Vermont House and Senate Move on Big Bills
The second half of the Vermont legislative session kicked into high gear last week as both chambers began moving some large, must-pass bills. This included approval of a tri-partisan budget, new control measures, and a revised education tax formula in the House while the Senate tackled clean water and toxic chemical reform legislation.
Meanwhile, House and Senate committees began working on bills passed by the other chamber. This includes the start of hearings on the minimum wage in the House General, Housing, and Military Affairs Committee, paid family leave in the Senate Economic Development, Housing, and General Affairs Committee, and testimony on the data brokers bill in the House Commerce and Economic Development Committee.
UNIVERSAL PRIMARY CARE - The Vermont Senate easily approved S.53 last week after also passing an amendment that restored some of the important provisions of the bill, which aims to create a universal primary care system in Vermont without barriers such as co-pays and deductibles. The new amendment was a compromise between the Senate Health and Welfare and the Senate Appropriations committees. The bill now moves to the House.
CLEAN WATER ECONOMY - The Senate approved S.260, the latest bill aimed at finding resolution over Vermont’s ongoing water quality crisis. The bill sets up a legislative council to consider long-term funding options to finance clean water projects and remediation in Vermont, including a per parcel fee. Unfortunately, Gov. Scott has indicated that he does not support the bill because it considers (although does not approve) a new tax.
STATE BUDGET - The Vermont House easily approved a $5.8 billion 2019 state budget after a marathon floor schedule Friday night. The budget, which represents a 1.1% increase over the current budget, passed in a vote of 122-10. As requested by Gov. Scott, it contains no new taxes or fees, but did get a financing boost from a $28 million windfall from tobacco settlement funds. The House budget includes a $120,000 allocation for an independent, non-partisan economic analysis of carbon pricing in Vermont, a provision that VBSR supports.
Lawmakers Take Minimum Wage Pledge; Hearings Begin in House
The Raise the Wage Coalition is leading a Raise the Wage Challenge, which tasks participants to spend one week living on $10.50 an hour, the current minimum wage in Vermont.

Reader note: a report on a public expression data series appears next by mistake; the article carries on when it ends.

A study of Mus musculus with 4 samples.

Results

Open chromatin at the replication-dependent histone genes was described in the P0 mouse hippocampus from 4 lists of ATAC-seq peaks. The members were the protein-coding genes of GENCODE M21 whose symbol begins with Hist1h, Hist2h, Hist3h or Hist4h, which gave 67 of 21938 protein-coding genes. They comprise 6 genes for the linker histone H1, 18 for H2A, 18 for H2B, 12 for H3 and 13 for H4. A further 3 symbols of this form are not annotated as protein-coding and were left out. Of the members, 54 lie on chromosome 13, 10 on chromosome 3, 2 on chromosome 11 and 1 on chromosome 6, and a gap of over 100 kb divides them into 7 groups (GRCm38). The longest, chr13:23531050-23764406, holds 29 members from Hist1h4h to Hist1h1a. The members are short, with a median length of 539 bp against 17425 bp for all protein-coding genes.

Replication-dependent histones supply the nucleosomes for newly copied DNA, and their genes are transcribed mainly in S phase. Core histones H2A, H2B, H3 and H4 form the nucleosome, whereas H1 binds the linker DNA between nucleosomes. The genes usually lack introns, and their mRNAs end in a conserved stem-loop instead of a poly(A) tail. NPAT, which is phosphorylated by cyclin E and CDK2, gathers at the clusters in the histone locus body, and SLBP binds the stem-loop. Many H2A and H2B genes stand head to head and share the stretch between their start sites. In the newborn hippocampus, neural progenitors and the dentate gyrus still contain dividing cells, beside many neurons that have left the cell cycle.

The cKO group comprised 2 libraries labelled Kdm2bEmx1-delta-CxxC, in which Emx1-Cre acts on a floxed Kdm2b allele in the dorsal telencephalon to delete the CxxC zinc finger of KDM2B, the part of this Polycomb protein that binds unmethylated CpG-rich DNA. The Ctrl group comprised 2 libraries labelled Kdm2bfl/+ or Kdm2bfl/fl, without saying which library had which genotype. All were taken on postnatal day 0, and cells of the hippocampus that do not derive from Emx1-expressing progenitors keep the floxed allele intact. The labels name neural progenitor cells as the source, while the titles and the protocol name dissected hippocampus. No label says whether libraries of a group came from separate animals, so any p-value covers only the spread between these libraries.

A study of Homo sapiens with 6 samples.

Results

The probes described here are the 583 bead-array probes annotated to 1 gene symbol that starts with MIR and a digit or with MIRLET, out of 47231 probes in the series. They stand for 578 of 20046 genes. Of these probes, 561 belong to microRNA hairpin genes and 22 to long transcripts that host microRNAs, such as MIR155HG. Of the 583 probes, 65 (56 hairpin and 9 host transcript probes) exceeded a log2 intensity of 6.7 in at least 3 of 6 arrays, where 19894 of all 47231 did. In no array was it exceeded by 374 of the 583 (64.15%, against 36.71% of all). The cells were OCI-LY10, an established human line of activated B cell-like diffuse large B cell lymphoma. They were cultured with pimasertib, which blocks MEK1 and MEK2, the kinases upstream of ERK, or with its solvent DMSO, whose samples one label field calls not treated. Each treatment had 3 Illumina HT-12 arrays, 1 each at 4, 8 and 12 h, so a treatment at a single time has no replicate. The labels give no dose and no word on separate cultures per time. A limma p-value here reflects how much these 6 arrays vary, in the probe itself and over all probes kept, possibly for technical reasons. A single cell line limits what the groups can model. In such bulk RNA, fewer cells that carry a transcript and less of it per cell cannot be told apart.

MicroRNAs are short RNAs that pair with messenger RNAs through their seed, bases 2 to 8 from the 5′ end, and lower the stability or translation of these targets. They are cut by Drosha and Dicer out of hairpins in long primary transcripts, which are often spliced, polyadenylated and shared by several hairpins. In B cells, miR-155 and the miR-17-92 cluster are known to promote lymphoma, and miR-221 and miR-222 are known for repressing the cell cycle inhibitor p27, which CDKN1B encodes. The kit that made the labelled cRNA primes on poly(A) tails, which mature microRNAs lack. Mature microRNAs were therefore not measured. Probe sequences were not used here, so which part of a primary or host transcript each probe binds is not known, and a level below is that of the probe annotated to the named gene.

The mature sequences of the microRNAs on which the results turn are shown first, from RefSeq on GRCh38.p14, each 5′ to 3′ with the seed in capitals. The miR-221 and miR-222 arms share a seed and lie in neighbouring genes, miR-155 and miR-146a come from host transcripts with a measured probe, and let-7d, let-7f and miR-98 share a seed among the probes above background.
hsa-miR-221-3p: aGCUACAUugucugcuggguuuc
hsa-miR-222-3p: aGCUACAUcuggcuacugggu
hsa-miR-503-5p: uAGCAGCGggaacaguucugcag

Raise the Wage kicked off last Tuesday with a press conference led by Rights and Democracy Vermont and remarks by multiple legislators. The Raise the Wage challenge aims to demonstrate the issues of poverty in Vermont and demonstrate the hardship of living on the minimum wage to meet even basic needs. There are currently over 25,000 Vermonters who earn the minimum wage, and the challenge aims to highlight the importance of raising the wage to $15 an hour, which would benefit over 70,000 Vermonters.
Over 15 Vermont legislators have committed to participating in the week-long Raise the Wage Challenge, where they will need to align their costs of living, including healthcare, housing, travel expenses, and food, with the amount one would earn working full-time at minimum wage. The goal of the challenge is to highlight the need for more education and legislation to end wealth inequality in Vermont and throughout the country.
Join the American Sustainable Business Council for a webinar on April 5th 1 – 2 PM ET with two of these champions, Rep. Sarah Copeland-Hanzas of Vermont and Rep. Jen Benson of Massachusetts, both members of the Carbon Costs Coalition. Hear them discuss the details of their proposals to put a price on carbon, the most efficient, business friendly way to reduce emissions, and why there is so much regional momentum around this solution.
Read more about the ESSEX Plan, a proposal created by VBSR businesses to use a price on carbon pollution to lower green electricity rates.